A Military Dictionary and Gazetteer: Comprising Ancient and Modern Military Technical Terms, Historical Accounts of All North American Indians, as Well as Ancient Warlike Tribes; Also Notices of Battles from the Earliest Period to the Present Time, with a Concise Explanation of Terms Used in Heraldry and the Offices Thereof. The Work Also Gives Valuable Geographical Information
L. R. Hamersly & Company, 1881 - Всего страниц: 659
Стр. 89 - A victorious army appropriates all public money, seizes all public movable property until further direction by its government, and sequesters for its own benefit or that of its government all the revenues of real property belonging to the hostile government or nation. The title to such real property remains in abeyance during military occupation, and until the conquest is made complete.
Стр. 309 - Martial law is simply military authority exercised in accordance with the laws and usages of war. Military oppression is not martial law.; it is the abuse of the power which that law confers. As martial law is executed by military force, it is incumbent upon those who administer it to be strictly guided by the principles of justice, honour, and humanity — virtues adorning a soldier even more than other men, for the very reason that he possesses the power of his arms against the unarmed.
Стр. 327 - Military necessity does not admit of cruelty, that is, the infliction of suffering for the sake of suffering or for revenge, nor of maiming or wounding except in fight, nor of torture to extort confessions.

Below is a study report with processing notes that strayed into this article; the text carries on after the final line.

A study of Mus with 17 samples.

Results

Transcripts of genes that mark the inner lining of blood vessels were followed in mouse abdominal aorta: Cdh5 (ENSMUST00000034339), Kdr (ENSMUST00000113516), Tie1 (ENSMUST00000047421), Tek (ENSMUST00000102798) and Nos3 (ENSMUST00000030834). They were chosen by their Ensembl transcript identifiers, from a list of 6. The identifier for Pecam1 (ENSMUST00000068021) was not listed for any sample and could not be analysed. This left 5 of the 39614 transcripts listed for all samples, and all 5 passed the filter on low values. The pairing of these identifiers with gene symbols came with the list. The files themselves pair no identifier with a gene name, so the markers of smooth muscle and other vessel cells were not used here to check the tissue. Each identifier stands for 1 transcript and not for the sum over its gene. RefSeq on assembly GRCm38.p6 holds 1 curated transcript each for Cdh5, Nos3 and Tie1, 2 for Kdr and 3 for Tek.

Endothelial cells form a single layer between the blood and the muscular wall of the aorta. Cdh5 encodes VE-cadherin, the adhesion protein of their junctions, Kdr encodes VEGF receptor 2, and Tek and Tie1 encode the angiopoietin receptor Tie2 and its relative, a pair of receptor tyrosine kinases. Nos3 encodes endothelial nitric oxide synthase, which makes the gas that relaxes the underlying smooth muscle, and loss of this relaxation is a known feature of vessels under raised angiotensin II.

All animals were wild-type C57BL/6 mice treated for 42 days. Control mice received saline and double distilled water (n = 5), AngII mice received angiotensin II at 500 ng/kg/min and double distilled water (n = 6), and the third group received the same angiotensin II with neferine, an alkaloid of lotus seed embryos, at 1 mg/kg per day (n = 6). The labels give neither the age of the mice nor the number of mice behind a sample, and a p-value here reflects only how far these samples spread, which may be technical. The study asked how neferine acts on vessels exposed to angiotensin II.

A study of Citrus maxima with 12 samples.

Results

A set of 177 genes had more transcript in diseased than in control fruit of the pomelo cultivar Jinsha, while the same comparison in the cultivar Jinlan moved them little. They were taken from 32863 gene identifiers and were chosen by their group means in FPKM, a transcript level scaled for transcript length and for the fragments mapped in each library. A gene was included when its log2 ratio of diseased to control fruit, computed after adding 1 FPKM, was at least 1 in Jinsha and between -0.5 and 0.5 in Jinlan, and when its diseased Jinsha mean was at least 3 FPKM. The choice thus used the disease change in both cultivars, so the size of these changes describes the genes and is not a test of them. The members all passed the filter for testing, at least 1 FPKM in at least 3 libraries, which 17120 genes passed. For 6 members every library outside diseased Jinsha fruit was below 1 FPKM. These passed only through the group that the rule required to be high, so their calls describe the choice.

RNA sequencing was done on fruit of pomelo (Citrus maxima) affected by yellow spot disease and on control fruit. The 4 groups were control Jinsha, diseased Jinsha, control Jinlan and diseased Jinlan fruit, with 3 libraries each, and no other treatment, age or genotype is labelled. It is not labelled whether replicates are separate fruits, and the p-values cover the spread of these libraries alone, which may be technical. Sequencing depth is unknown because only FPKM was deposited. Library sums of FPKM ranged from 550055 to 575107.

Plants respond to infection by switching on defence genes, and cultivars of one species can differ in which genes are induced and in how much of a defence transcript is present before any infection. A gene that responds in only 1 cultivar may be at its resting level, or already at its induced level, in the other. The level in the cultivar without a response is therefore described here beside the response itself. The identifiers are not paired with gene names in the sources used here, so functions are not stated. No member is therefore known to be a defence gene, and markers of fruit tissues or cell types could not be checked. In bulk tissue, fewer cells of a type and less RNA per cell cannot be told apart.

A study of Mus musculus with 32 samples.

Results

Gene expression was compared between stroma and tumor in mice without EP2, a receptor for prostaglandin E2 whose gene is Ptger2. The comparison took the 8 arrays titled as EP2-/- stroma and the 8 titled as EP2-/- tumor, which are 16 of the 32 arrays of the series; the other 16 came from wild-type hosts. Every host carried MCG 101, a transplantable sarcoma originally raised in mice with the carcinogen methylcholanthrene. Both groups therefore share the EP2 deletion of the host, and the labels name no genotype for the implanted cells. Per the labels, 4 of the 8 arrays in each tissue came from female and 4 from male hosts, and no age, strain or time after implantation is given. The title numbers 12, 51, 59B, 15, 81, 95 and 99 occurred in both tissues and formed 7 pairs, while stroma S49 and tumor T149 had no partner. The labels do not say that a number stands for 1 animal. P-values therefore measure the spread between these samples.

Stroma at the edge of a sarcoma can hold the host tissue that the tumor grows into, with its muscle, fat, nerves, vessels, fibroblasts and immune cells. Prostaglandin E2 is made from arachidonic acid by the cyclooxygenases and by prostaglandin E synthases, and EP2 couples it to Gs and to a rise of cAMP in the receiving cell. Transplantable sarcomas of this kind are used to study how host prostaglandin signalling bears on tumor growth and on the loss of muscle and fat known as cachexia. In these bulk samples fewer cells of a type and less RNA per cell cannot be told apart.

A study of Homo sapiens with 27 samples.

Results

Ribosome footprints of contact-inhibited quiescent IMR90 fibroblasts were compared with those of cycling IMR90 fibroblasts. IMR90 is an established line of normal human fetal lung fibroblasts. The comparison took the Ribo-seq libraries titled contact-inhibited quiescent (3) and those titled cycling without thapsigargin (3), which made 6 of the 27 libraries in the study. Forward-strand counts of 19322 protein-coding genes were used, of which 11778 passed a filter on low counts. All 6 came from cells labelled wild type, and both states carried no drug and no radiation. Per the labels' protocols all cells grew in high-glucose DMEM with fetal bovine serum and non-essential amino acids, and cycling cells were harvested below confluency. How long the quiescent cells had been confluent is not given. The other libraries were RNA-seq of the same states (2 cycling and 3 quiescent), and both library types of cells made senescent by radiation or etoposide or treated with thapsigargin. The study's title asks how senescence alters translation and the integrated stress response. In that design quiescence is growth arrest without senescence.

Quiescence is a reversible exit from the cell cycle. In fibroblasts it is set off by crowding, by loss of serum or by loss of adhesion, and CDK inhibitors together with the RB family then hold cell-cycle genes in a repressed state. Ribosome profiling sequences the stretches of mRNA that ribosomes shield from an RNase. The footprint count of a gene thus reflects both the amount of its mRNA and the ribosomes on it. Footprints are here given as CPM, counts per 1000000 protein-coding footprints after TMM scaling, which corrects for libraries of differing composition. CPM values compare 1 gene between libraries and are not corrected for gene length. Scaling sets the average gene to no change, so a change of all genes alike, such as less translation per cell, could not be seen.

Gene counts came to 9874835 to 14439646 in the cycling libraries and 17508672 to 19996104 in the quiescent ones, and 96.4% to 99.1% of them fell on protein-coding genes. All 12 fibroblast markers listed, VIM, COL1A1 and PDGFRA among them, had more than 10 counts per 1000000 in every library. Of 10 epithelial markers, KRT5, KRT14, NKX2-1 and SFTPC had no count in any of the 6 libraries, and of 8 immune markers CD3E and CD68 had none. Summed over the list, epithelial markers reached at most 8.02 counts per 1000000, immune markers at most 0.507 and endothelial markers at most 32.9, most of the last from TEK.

Стр. 89 - Nevertheless, as civilization has advanced during the last centuries, so has likewise steadily advanced, especially in war on land, the distinction between the private individual belonging to a hostile country and the hostile country itself, with its men in arms. The principle has been more and more acknowledged tbat the unarmed citizen is to be spared in person, property, and honor as much as the exigencies of war will admit.
Стр. 482 - The Secretary of War is the regular constitutional organ of the President for the administration of the military establishment of the nation, and rules and orders publicly promulgated through him must be received as the acts of the Executive, and, as such, be binding upon all, within the sphere of his legal and constitutional authority.
Стр. 89 - The United States acknowledge and protect, in hostile countries occupied by them, religion and morality ; strictly private property ; the persons of the inhabitants, especially those of women ; and the sacredness of domestic relations. Offenses to the contrary shall be rigorously punished.
Стр. 475 - A prisoner of war, being a public enemy, is the prisoner of the Government and not of the captor. No ransom can be paid by a prisoner of war to his individual captor or to any officer in command. The Government alone releases captives, according to rules prescribed by itself.